Money and Banking
Seoul, South Korea
Area of Study
Taught In English
Course Level Recommendations
ISA offers course level recommendations in an effort to facilitate the determination of course levels by credential evaluators.We advice each institution to have their own credentials evaluator make the final decision regrading course levels.
Recommended U.S. Semester Credits3
Recommended U.S. Quarter Units4
Hours & Credits
Course Requirements, Examinations and Grading:
Course Description: This is a course on money and basics of financial intermediation. It is assumed that students have already taken a class in principles of economics and are familiar with the basics of economic reasoning. This means you should have completed either a one-semester course in Principles of Economics or a two-semester sequence in Principles of Microeconomics and Macroeconomics. Students should NOT take this class if they are currently enrolled in Principles of Microeconomics (ISC 202) or Principles of Macroeconomics (ISC 203).
We will study the role of money and financial markets in modern market-oriented economies. We will examine the unique roles played by banks and other financial intermediaries as well as the role of organized markets for financial assets, such as the stock and bond markets. We will examine the role of the central bank or monetary authority both as a regulator and as the ultimate controller of a nation’s money supply. We will consider the potential role that monetary policy plays in economic stability and the interaction it has with exchange rate policy. A familiarity with calculus and basic statistics is an advantage in this class, but is not a hard prerequisite. Students should be familiar and comfortable with algebra.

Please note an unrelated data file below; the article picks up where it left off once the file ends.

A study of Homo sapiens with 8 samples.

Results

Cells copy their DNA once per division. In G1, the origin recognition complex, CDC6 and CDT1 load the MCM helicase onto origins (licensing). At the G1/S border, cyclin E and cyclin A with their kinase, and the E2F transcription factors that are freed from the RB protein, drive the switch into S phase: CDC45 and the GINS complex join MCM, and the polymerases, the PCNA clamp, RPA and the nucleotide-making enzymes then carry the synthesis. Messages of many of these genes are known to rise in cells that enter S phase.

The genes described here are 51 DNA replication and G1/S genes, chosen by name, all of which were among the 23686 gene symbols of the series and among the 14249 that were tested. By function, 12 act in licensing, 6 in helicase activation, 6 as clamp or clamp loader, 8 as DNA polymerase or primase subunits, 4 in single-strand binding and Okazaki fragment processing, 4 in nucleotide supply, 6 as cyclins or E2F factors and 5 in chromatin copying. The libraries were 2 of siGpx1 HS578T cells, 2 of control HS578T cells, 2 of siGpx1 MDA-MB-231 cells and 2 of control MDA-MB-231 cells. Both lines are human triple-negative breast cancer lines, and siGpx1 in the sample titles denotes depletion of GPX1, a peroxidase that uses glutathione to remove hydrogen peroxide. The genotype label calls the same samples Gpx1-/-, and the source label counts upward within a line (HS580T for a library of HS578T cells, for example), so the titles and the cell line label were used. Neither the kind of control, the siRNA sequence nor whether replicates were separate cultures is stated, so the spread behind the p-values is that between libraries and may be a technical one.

There will be six quizzes given during the term. These quizzes will occur on the dates specified below. Each quiz will cover material covered during the previous four lectures. The best five of six quiz grades will be used to calculate the student’s final class average. If a student is unhappy with his/her final quiz average then a comprehensive final exam will be offered during the final exam week. If a student chooses to sit for the comprehensive final, the grade earned on this final will account for 100% of the final grade i.e., the quiz average must be forfeited. Student(s) opting to take the final exam must contact Professor Belton to schedule an exam time during the final exam week. The grading scale provided in the International summer campus brochure will be used to determine letter grades for this course. Students will also be required to complete weekly homework assignments that will be graded. The average grade received on the six required homework assignments can be used to substitute for the lowest of the required five quiz grades.
Courses and course hours of instruction are subject to change.